James Frayne is Director of Public First and author of Meet the People, a guide to moving public opinion.

This site has been covering the big moments that defined the long campaign to leave the EU – celebrating those deserving credit for delivering victory

But there are a number of people whose actions against the leave campaign inadvertently paved the way for Britain’s exit. Watching Leo Varadkar bash Britain for his own understandable electoral reasons – with serious strategic consequences for Ireland resulting from the corresponding English backlash – shows why this group is worth thinking about. I name six players.

  • David Cameron.There was no public pressure for a referendum before it was called. Yes, UKIP won significant but small shares of the vote in many constituencies in 2010 and 2015 which cost the Conservatives seats. But anyone speaking to these UKIP voters even briefly understood they were primarily driven by concerns over immigration – not Europe. Often, immigration and EU membership weren’t even linked in their minds. By promising a referendum, Cameron launched UKIP to the masses and put Europe on to the agenda in a way it had never been. This was a terrible unforced error. Compounding it, he then messed up the “deal” with the EU at the start of the campaign – failing to sufficiently change the non-contributory aspect of the welfare state for non-British nationals. This meant that the end result was always likely to be at least tight.
  • Barack Obama. Obama’s trip to the UK was going well. He spoke as a friend and strategic partner. But at a press conference with Cameron, in apparently unscripted comments, he uttered those words “back of the queue” – regarding Britain’s access to a potential trade deal. Rightly or wrongly, the English just hate this sort of thing – they detest implied or explicit threats – and they responded accordingly. Vote Leave are said to have been inundated with small donations after Obama’s pointless comment (which has been shown not to be true) and the campaign got a much needed boost at an important time. Said to have been encouraged by the British side, it was an act of stupidity.
  • George Osborne. Osborne never wanted a referendum. And you can’t have too many complaints about the principles of the so-called Project Fear campaign. This is what campaigns do. It was perfectly reasonable to make the case the UK would be poorer outside the EU. But the suggestion that we would be in recession immediately after a Leave vote – although, it was slightly unclear as to what “immediate” meant – ultimately shredded the credibility of Remainers’ claims about the impact of leaving without a deal. It’d be unfair to say this was an Osborne unforced error, but there’s no doubt that the decision to ramp up fear had serious consequences after the vote.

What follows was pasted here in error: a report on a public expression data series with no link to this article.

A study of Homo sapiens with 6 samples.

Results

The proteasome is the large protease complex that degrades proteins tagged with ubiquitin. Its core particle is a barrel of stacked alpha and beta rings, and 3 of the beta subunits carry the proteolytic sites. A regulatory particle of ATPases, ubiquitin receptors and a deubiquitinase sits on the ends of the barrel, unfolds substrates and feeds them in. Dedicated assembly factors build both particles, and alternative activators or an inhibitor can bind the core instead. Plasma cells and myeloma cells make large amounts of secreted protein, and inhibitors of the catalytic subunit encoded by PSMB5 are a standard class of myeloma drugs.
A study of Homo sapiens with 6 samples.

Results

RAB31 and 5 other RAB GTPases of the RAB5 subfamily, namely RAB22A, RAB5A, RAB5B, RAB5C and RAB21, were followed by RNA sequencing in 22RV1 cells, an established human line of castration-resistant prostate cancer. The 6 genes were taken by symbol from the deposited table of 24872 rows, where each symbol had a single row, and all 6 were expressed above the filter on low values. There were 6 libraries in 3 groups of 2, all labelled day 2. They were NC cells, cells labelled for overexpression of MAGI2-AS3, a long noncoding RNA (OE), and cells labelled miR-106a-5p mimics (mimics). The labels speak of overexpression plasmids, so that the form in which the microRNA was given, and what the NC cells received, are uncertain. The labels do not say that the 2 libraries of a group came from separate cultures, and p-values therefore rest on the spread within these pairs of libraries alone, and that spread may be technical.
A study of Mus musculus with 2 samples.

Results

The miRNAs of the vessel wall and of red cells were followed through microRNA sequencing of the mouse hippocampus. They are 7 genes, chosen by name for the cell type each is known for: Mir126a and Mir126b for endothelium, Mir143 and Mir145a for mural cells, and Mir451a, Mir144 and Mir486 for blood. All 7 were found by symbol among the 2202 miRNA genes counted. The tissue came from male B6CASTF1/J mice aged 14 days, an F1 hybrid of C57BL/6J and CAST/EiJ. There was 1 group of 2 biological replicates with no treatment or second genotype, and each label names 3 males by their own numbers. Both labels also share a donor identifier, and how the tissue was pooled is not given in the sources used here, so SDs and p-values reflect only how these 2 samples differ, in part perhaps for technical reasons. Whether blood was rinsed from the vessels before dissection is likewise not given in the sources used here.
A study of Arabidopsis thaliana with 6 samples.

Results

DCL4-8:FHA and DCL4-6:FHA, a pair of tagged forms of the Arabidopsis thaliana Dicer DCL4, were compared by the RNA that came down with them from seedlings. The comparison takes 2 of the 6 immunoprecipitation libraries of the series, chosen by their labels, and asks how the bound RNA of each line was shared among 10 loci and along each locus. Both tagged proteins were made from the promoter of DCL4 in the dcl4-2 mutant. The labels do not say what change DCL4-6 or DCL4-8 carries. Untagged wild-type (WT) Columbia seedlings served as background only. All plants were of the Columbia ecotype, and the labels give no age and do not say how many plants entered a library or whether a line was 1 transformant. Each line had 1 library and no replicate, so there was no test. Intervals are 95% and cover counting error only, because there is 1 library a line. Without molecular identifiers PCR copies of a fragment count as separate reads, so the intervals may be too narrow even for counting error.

• The Electoral Commission. Whether you can pin its errors on a particular person, others will be better placed to judge. But the decision to go after Darren Grimes, while not a major story for the public, massively strengthened eurosceptic determination at a time when the campaign was flailing. Going after Grimes looked unfair, petty and hyper-aggressive. Coming as it did with Gina Miller’s litigation, the Grimes case persuaded pro-Leave veterans that they had to get serious about things. It turned what had become a disparate movement back into a more focused, harder-edged campaign. It had been basically assuming that things would turn out fine until this point.
  • Leo Varadkar. The Irish PM’s endlessly confrontational approach looked to have been chiefly directed at voters at home who might peel off to other parties. You can’t particularly blame a politician for that, although many in the UK media ignored this straightforward electoral reality – as if somehow Varadkar was a latter-day Kissinger. Ireland’s current election polls suggest that his tactic didn’t work in the long-term, but his comments cut through to the British public. As I note above in relation to Obama, the English can’t stand anything that looks like intimidation (Varadkar’s Irishness is irrelevant on this. I’ve never heard anyone in groups raise this point). He was arguably the person that most shifted the English electorate towards “no deal”.
  • Lady Hale. The Supreme Court’s decision to strike down prorogation completely changed the game on Brexit. It made the country take Boris Johnson seriously as a politician for the first time, and it Leave voters unite behind him, killing off Farage’s Brexit Party in the process. Conducting focus groups shortly after the decision, it was extraordinary how prorogation really persuaded the public that Johnson’s Conservatives were serious about Brexit – and could therefore be trusted on it. Lady Hale was the face of the decision and therefore carries most responsibility for the change in public attitudes. She paved the way for the final act.
  • Jeremy Corbyn. The country was divided on Brexit and remains so. Had there been a second referendum, it would surely have been close. A number of Vote Leave veterans believe that a second referendum would have delivered a landslide on a “People v Politicians” basis; I am doubtful. So when Jeremt Corbyn finally accepted the Conservative challenge and agreed to hold a general election, it offered the best possible path to exit. All of a sudden, the Conservatives got to hold what was essentially a referendum on who should be Prime Minister – and it was supremely unlikely that the voters would chose Corbyn. As conventional party politics took centre stage again, the country was more united than it had been in years – and the Government was able to claim it was getting Brexit done. What a journey.